In what seems like a lifetime ago, a March article from the Washington Post called the American suburban lifestyle a “secret weapon” against COVID-19. “The United States, however, already practices a form of social distancing in its daily life through suburban living,” the article read, adding that Americans have “a form of protection many Italians or Chinese didn’t”. Looking at things now, that couldn’t sound further from the truth.
The article makes reasonable assumptions, and no doubt, many policymakers made the same calculations in their mind. China’s population density is 397 people per square mile. Italy’s is 532 people per square mile, and South Korea’s is 1,366. In the US, population density is 94 people per square mile. “That’s got to be a fact in our favor,” the WP columnist continues.
But now, the US is towering far above anyone else in terms of total cases, and Italy’s days of being the coronavirus epicenter are far gone, so what happened? Turns out, it’s not just about Italy or the US — the density argument just seems overrated.
Intuitively, it makes a lot of sense. Denser population means more face-to-face interaction, which makes disease transmission more likely and seems to favor the emergence of hotspots. But when it comes to putting that theory to the test, there’s a surprising lack of scientific evidence.
“The impact of density on emerging highly contagious infectious diseases has rarely been studied,” the authors of a recent study note.
For instance, the increased transmission seems very likely, but on the other hand, dense areas tend to have better access to healthcare and greater implementation of distancing policies.
The very first studies that came out seem to suggest that population density is indeed linked with COVID-19 fatalities. But what one study found, for instance, is that density is linked with cumulative COVID-19 fatalities, but not with the increased transmission. That doesn’t really tell us much about the situation at hand, and for a few months, we’ve largely been poking in the dark with assumptions. Now, the data is finally in.
The new data makes a very different case. According to a newly published study, larger metropolitan areas do have higher infection and higher mortality rates, but this is not owed to the density itself, but rather to connectivity and commuting relationships. For instance, counties with higher densities (but no large metropolitan areas) have significantly lower virus-related mortality rates than do counties with lower densities. It’s not about whether you live in a suburban house or an apartment block, it’s about how many people you interact with on a day to day basis.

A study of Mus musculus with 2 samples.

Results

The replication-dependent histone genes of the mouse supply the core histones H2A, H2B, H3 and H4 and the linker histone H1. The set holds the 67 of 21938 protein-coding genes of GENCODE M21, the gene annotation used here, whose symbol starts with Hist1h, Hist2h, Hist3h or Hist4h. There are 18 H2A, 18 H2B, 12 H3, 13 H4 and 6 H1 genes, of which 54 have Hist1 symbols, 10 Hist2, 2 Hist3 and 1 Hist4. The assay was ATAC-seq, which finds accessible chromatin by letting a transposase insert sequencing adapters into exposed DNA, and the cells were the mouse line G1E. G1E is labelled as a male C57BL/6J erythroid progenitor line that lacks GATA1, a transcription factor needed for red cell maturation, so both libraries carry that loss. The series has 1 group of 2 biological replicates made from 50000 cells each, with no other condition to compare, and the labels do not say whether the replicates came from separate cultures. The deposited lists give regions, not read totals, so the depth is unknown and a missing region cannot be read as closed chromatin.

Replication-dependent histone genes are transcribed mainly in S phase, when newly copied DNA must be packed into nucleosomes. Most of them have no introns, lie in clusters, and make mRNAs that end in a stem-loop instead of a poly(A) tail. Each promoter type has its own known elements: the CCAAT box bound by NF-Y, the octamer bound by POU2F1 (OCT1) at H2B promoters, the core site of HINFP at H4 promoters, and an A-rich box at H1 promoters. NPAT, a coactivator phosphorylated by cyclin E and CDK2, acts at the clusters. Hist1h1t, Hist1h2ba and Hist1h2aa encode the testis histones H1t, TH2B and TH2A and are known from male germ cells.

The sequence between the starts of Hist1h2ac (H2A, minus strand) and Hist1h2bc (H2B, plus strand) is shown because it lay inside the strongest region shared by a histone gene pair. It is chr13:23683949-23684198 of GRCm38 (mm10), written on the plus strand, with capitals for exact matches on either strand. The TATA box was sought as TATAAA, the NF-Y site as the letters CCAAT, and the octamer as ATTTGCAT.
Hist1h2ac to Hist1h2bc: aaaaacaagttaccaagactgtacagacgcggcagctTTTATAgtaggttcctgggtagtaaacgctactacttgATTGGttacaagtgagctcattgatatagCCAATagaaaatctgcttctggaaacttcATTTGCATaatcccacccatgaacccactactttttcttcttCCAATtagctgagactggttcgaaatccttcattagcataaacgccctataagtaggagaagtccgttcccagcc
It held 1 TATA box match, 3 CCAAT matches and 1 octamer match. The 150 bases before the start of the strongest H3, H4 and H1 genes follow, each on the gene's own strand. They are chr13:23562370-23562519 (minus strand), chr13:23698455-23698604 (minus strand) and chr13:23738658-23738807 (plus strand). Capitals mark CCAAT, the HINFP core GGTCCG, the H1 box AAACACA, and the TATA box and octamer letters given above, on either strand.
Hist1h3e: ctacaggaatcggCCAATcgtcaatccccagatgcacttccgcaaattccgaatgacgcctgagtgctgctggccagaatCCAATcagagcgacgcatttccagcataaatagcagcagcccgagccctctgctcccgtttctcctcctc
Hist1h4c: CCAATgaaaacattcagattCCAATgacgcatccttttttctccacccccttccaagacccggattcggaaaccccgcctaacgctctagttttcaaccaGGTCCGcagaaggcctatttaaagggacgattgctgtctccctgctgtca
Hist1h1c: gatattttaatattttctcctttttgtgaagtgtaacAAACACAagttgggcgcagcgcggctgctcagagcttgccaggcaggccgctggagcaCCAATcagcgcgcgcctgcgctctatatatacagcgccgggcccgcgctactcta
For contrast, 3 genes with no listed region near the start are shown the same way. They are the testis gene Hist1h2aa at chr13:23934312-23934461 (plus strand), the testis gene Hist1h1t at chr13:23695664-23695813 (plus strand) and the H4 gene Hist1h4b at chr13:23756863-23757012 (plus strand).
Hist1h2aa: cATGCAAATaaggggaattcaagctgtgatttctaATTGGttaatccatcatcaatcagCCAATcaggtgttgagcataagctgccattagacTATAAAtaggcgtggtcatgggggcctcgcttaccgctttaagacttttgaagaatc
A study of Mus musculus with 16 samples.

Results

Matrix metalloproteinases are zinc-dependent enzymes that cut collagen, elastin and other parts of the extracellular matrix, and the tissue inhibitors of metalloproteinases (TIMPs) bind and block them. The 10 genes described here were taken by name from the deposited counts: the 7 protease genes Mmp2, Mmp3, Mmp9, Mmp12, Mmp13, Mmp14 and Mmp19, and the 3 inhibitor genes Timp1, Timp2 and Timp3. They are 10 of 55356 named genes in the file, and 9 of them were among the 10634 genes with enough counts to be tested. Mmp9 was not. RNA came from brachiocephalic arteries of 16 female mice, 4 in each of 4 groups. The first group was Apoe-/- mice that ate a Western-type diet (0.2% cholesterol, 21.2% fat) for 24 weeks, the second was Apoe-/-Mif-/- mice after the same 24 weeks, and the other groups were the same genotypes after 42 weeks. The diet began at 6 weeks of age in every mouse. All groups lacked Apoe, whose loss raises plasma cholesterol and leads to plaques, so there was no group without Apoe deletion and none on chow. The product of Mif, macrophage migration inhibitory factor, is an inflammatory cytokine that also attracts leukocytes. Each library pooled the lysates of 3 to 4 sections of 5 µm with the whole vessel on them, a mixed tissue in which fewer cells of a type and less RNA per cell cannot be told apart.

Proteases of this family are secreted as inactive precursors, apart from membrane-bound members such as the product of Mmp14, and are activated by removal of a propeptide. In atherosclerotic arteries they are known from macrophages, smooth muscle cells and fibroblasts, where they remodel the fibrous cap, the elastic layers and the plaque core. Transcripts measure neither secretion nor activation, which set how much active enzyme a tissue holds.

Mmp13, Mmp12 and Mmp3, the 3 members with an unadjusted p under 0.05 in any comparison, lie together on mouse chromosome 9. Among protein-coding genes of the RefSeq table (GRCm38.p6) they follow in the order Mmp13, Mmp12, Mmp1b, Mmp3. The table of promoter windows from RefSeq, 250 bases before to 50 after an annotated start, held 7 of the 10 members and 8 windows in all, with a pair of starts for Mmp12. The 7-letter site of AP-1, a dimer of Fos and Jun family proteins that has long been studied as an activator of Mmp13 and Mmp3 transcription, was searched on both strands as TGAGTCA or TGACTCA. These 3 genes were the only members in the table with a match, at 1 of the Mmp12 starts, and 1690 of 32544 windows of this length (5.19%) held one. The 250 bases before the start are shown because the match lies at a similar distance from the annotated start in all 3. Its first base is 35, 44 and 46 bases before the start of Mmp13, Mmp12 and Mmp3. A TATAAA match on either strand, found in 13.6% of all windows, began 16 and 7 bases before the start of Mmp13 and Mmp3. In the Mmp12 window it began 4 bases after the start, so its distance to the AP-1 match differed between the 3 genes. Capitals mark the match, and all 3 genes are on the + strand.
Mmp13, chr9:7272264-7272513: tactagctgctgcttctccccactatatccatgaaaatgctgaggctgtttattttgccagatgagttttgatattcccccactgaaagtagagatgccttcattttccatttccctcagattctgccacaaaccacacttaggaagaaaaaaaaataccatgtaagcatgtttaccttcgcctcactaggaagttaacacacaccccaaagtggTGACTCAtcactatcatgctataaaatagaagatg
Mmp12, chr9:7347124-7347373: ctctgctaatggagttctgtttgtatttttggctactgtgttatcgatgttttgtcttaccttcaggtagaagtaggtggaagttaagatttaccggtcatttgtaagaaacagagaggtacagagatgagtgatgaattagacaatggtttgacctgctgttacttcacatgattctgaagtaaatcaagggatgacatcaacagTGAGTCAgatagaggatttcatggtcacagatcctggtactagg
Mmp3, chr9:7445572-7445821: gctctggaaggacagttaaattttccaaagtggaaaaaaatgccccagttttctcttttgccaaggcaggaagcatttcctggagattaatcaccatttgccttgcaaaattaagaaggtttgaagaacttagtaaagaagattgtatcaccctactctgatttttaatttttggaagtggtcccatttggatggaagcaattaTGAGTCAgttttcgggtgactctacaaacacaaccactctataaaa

“These findings suggest that connectivity matters more than density in the spread of the COVID-19 pandemic,” researchers note. “Large metropolitan areas (and megaregions) with a higher number of counties tightly linked together through economic, social, and commuting relationships are the most vulnerable to the pandemic outbreak. They are more likely to exchange tourists and businesspeople with each other and with other parts of the world, thus increasing the risk of cross-border infections.”
If we zoom out a bit and just take a look at a national level, again, there’s no apparent correlation between density and COVID-19 outbreak severity.
This is a gross simplification, but it emphasizes the idea that regardless of how much you zoom out or in, population density doesn’t seem to be a straightforward problem to address.
A separate study found the same thing: urban population density was linked to an earlier outbreak, but not a more severe one. Very big cities can stand as an outlier, but in general, density doesn’t seem to be the make-or-break aspect we considered it to be.
So what does this mean for COVID-19 outbreaks? Well, as expected, crowded urban areas are indeed fertile hotspots for the virus — not because of how many people there are, but because of how interconnected those people are.
The disease is striking at some of the very values we cherish in communities, hitting the thriving interconnected areas that so often serve as innovation hotspots. But maybe this is an opportunity to improve things.
A separate study found that income inequality was also linked with the severity of the outbreak — and the largest cities are known to be hotspots of income inequality. Maybe if we make cities more equal and fair, infectious diseases wouldn’t hit them so hard.
After all, this is probably just the first of many to come.